The first solar powered airport is in... South Africa!
|May 23rd, 2016|
|located in:||South Africa|
|tags:||Airport, Airports Company South Africa (ACSA), Climate Investment Fund, Cochin International Airport, Dipuo Peters, George Airport, Kayoola, Noor-Ouarzazate complex, Skhumbuzo Macozoma, solar, South Africa|
In Sub Saharan Africa seven out of ten people do not have access to electricity.
The abundant sun is, however, being harnessed to reverse the sorry state of affairs. From initially powering homes, solar energy has been tapped in key infrastructural projects. One such project is South Africa’s George Airport located in the Western Cape Province which recently became the first airport in Africa to run on solar power.
The 200-square-meter solar facility, which costs a little above $1million, will meet approximately 40 per cent of the airport’s energy initially and is expected to produce 750Kw power when it reaches full capacity.
It has 3,000 photovoltaic modules which will generate electricity from solar radiation. It has been hailed as a major breakthrough in reducing over-reliance on the unreliable national grid, while reducing water wastage for an airport that handles 600,000 passengers every year and being a key distribution point for cargo including horticulture and sea food.
„Harnessing solar power is a viable cleaner energy source which contributes towards diversifying the energy mix. This plant will ensure that the airport is self-sustaining in terms of its power needs, and will eventually extend to the broader community within the George municipality,“ said Skhumbuzo Macozoma, chairman of the Airports Company South Africa (ACSA) Board.
ACSA is state-owned and manages nine airports in the country. The ultimate goal, the agency says, is to ensure that all airports in the country run on renewable energy.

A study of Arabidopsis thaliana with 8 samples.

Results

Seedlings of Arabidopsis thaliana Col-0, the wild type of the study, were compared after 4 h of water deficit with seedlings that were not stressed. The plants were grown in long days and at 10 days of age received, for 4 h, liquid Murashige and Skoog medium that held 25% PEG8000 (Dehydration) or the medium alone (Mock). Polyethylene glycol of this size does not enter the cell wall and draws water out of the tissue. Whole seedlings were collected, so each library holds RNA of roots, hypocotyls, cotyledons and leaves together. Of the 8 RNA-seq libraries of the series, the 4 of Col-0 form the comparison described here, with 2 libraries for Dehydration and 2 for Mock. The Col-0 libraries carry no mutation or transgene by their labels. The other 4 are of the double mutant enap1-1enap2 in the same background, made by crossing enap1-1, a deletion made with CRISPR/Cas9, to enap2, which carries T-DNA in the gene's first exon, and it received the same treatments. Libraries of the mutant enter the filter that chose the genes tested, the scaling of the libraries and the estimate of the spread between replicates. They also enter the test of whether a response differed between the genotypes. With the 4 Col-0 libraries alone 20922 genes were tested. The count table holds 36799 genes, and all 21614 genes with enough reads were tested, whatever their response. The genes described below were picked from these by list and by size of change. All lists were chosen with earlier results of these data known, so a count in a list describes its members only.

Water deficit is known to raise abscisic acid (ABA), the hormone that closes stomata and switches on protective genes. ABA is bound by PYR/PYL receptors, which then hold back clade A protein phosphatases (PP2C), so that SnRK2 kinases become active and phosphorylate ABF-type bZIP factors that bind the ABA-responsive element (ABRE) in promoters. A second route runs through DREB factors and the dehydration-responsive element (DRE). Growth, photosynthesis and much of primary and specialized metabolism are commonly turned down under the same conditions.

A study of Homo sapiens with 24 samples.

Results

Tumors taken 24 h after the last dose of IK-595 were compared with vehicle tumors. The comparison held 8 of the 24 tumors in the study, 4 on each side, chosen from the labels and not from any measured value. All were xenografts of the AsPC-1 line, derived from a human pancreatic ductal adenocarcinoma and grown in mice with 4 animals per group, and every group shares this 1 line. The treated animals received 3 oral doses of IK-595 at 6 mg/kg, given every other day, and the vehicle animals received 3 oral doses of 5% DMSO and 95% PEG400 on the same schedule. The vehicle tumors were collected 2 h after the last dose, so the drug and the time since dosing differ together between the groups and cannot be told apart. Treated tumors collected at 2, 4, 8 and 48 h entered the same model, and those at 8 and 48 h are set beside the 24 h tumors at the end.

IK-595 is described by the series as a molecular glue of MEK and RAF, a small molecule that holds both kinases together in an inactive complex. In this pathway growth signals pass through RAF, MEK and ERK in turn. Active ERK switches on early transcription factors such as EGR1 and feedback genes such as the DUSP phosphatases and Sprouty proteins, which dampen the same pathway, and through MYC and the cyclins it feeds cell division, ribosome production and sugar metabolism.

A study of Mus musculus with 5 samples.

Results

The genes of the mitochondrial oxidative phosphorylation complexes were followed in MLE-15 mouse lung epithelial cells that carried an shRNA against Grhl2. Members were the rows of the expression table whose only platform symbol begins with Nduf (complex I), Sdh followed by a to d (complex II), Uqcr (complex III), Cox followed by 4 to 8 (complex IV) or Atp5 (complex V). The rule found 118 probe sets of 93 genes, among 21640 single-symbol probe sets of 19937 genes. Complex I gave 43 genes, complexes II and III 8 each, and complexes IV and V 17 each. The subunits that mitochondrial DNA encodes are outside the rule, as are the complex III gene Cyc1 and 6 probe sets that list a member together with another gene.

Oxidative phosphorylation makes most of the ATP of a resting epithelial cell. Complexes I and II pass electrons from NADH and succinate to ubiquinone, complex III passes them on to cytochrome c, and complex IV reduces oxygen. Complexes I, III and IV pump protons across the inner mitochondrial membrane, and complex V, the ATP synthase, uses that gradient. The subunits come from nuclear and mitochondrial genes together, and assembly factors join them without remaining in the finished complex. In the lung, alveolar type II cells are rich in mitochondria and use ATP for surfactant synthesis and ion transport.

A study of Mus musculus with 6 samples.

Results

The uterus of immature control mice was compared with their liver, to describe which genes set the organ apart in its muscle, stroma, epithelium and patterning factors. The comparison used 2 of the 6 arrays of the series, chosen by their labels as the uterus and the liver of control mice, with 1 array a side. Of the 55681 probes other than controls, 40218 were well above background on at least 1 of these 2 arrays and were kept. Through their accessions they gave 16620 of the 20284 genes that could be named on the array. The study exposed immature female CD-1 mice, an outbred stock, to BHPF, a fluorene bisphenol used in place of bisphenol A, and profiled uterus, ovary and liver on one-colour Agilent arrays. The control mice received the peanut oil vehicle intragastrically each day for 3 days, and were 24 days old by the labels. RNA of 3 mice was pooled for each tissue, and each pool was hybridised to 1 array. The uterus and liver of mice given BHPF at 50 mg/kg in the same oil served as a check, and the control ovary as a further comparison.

“This admirably demonstrates the South African government’s commitment to clean energy generation and sustainability, as well as to our country’s increasingly prominent role when it comes to global climate change issues,” said Dipuo Peters, South Africa’s minister of transport during the launch of the facility.
The launch of the solar facility at the airport comes a year after Cochin International Airport in India unveiled the world’s first airport solar power plant which produces 60,000 units of electricity daily surpassing the daily requirements at the airport. The plant costs $9.5 million.
But it also comes at a time when other African countries are rolling out mega solar projects that have caught world attention. In February, Morocco switched on the first phase of a concentrated solar power plant which, when complete, is billed to be the world’s largest. The plant taps solar energy through the half a million metal mirrors that follow the movement of the sun in the sky, and stores the thermal energy from the sun’s rays which are then used to activate steam turbines that are responsible for producing electricity.
When it is completed in 2018, the project will power over one million homes while reducing carbon emissions by up to 760,000 yearly, according to the Climate Investment Fund.
Dubbed The Noor-Ouarzazate complex, the project with an electricity production capacity of 160 megawatts, is transformative for a country that doesn’t produce oil and gets 90 per cent of its energy from abroad.
Uganda, on the other hand, unveiled Africa’s first solar powered bus this year, which is set to revolutionize the automotive market in the continent. Dubbed The Kayoola, the 35 seater bus has the capacity to run for approximately 80 kilometers (50 miles) with batteries that can easily be recharged by solar panels that have been installed on the roof of the bus.
Last year, one of East Africa’s largest malls, Garden City, located in Nairobi Kenya, unveiled Africa’s largest carport which the mall attendants have tapped to power facilities like the lights and escalators in the mall. The mall hopes to cut carbon emissions by up to 18,750 tonnes over the lifetime of the solar system.
Pundits says such groundbreaking innovations focusing on renewable energy across different African countries are not just a coincidence; they are a realization of the returns on investment the renewable sources of energy brings, while assisting them to preserve the environment and create jobs for their people.
“We are talking about these countries killing two birds with one stone. Most of them are not oil producing and they have realized how over reliance has cost them. So when the light bulb moment came and they realized the huge unexploited potential of renewable sources of energy chief among them the sun, they all rushed to it, and none wants to be left behind,” said Dr. Mark Mukhwasa, a lecturer at The Institute for Climate Change and Adaptation of University of Nairobi.
Dr. Mukwasa predicts a renewable energy revolution in Africa which will transform every facet of development while propelling economic growth.